Memorial Day, Clara Barton and flags
Three major national holidays that unfurl flags are fast approaching: Memorial Day at the end of May, Flag Day on June 14 and the Fourth of July. The problem with such familiar occasions is that we often forget their original meaning and focus instead on picnics and fireworks.
Shortly after the Civil War, Memorial Day was established as a way of honoring the hundreds of thousands of soldiers who died. Different claims have been made about who started the annual remembering of those who fell, but Waterloo, New York, claims it began there 150 years ago.
According to an article in the Veterans of Foreign Wars magazine, a drugstore owner sparked the idea of remembering the fallen men from the town, and the commander of a local military unit brought it to fruition in May 1866. Nearly a century later, President Lyndon Johnson officially proclaimed that Waterloo birthed Memorial Day.
Originally known as Decoration Day from the practice of placing flowers, wreaths and other memorials on the graves of servicemen, Memorial Day gradually became the official name.
For decades, one of the main decorations on the graves, whether at Arlington National Cemetery or small graveyards across the nation, is the American flag. Communities, Boy Scout troops, church organizations and families carry out the annual tradition of placing small flags on every grave of every serviceman and servicewoman.
Memorial Day is also inextricably linked to Clara Barton, the founder of the American Red Cross, who created a flag to represent her organization. She was working in the Patent Office in Washington, D.C., when the Civil War broke out. According to the website of the ARC, “Barton risked her life to bring supplies and support to soldiers in the field during the Civil War.”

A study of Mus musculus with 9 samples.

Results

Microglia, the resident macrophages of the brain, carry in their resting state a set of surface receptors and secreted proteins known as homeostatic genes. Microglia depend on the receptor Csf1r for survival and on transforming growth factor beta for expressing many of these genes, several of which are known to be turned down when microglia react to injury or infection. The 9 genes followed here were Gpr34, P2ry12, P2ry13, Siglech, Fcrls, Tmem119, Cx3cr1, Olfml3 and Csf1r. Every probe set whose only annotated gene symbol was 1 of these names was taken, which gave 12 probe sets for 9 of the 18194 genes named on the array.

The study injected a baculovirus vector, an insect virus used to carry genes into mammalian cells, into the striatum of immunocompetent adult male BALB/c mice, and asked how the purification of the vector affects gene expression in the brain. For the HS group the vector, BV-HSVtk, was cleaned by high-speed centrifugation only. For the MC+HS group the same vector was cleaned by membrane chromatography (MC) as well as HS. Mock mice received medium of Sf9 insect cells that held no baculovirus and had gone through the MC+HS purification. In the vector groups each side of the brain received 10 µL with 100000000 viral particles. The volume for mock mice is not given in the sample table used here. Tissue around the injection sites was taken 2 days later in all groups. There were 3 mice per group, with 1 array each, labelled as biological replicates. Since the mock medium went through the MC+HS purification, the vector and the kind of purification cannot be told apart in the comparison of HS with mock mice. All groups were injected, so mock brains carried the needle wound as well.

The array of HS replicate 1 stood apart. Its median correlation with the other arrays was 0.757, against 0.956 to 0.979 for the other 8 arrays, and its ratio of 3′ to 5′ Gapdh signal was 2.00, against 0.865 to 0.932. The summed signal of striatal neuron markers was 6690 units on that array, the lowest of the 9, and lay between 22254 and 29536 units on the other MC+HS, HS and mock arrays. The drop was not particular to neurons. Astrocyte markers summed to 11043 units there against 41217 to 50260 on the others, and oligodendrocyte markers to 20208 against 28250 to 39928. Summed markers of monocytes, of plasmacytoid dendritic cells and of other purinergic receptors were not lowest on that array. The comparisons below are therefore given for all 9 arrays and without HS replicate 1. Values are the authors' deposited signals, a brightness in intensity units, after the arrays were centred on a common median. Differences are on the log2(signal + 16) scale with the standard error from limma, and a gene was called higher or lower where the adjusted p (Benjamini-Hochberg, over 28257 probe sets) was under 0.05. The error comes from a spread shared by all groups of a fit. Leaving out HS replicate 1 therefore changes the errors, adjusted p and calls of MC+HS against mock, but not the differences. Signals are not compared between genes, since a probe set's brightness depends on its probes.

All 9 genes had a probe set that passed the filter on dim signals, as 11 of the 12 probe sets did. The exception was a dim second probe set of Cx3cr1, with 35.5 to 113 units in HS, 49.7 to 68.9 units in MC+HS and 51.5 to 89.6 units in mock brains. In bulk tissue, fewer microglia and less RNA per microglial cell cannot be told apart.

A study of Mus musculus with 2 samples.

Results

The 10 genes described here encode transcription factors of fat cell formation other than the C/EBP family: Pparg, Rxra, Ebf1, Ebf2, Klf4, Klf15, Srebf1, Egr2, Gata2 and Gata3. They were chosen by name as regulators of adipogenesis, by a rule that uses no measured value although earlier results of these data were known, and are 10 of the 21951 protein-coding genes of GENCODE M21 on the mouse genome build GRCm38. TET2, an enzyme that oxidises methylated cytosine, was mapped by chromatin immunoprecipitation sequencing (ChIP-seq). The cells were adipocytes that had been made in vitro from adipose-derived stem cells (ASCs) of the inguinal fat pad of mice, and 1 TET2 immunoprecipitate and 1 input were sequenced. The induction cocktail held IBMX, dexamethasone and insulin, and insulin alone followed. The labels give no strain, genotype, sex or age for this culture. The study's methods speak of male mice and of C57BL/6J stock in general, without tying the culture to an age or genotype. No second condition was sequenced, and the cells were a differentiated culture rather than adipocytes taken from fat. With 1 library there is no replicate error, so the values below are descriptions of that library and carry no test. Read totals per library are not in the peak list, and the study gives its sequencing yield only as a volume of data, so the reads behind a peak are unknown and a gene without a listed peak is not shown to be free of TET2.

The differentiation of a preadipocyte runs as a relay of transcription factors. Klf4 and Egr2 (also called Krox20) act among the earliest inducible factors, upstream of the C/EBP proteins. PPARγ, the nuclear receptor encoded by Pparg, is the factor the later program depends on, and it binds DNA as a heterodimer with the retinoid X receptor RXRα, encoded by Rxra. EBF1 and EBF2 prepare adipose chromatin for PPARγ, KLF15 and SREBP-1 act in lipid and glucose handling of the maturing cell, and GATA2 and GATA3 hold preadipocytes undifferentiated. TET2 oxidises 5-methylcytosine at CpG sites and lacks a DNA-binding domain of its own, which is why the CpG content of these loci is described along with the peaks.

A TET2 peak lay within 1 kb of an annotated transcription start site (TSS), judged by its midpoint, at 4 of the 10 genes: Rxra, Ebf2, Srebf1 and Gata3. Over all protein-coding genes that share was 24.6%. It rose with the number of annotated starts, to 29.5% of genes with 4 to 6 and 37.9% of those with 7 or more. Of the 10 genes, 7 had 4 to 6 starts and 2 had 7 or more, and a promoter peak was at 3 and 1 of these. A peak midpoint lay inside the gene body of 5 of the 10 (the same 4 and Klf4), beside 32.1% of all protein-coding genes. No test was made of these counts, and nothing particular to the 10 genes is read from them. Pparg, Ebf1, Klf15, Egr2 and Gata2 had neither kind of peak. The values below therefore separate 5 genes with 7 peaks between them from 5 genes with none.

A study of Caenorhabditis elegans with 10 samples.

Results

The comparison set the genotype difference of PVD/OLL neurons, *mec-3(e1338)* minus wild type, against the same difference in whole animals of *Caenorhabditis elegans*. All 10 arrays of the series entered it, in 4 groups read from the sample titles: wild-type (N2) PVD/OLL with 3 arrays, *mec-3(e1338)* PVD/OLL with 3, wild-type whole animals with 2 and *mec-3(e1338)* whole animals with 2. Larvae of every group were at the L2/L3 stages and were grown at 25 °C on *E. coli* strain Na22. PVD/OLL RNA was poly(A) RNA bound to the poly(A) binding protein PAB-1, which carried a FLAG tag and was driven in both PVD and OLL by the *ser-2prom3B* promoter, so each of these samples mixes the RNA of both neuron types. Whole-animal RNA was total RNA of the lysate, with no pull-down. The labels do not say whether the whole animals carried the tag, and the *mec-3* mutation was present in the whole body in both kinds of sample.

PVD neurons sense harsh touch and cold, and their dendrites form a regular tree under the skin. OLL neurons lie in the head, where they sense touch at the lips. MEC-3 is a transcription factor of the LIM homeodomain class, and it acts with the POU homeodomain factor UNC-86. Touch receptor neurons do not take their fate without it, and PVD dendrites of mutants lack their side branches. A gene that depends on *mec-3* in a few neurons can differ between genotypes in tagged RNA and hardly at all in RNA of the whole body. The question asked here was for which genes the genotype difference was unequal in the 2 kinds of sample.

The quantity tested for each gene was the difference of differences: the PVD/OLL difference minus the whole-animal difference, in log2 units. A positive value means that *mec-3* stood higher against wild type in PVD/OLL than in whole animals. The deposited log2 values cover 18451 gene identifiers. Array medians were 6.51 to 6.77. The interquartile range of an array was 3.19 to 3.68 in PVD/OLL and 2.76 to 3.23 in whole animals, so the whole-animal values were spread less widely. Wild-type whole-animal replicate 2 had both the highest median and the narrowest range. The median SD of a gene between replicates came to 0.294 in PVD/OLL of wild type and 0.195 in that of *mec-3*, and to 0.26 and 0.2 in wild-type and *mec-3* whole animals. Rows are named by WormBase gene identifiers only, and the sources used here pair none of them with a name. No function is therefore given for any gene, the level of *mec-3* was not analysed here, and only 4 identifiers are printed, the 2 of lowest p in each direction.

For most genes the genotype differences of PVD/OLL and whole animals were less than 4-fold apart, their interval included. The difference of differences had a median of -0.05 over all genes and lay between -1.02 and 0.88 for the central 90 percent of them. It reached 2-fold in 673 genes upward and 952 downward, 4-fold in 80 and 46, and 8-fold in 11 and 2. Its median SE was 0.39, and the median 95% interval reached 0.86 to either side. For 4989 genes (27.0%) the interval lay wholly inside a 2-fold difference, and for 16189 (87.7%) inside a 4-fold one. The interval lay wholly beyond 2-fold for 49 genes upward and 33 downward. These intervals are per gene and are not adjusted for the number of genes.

Barton herself said, “I may be compelled to face danger, but never fear it, and while our soldiers can stand and fight, I can stand and feed and nurse them.”
At war’s end, she helped to bury thousands of Northern troops who died in Andersonville prison camp in Georgia. When she was done, she remarked, “I ought to be satisfied. I believe I am.” But not for long. When the Franco-Prussian War erupted in Europe in 1870, Barton risked her life there to serve the wounded and bury the dead.
She also came up with the idea of a flag to guard those who were noncombatants. “To protect herself,” the Red Cross recounts, “she fashioned a cross out of red ribbon she was wearing.” The result is the familiar white banner of the organization.
Returning to America, Barton continued her humanitarian efforts by comforting people in times of natural disasters. The Red Cross flag she created flew in American for the first time in 1881, 135 years ago, when she asked for funds to aid victims of a Michigan forest fire.
“Her understanding of the needs of people in distress and the ways in which she could provide help to them,” the ARC said, “guided her throughout her life.”
Two flags also guided her: the American flag and the Red Cross banner she invented.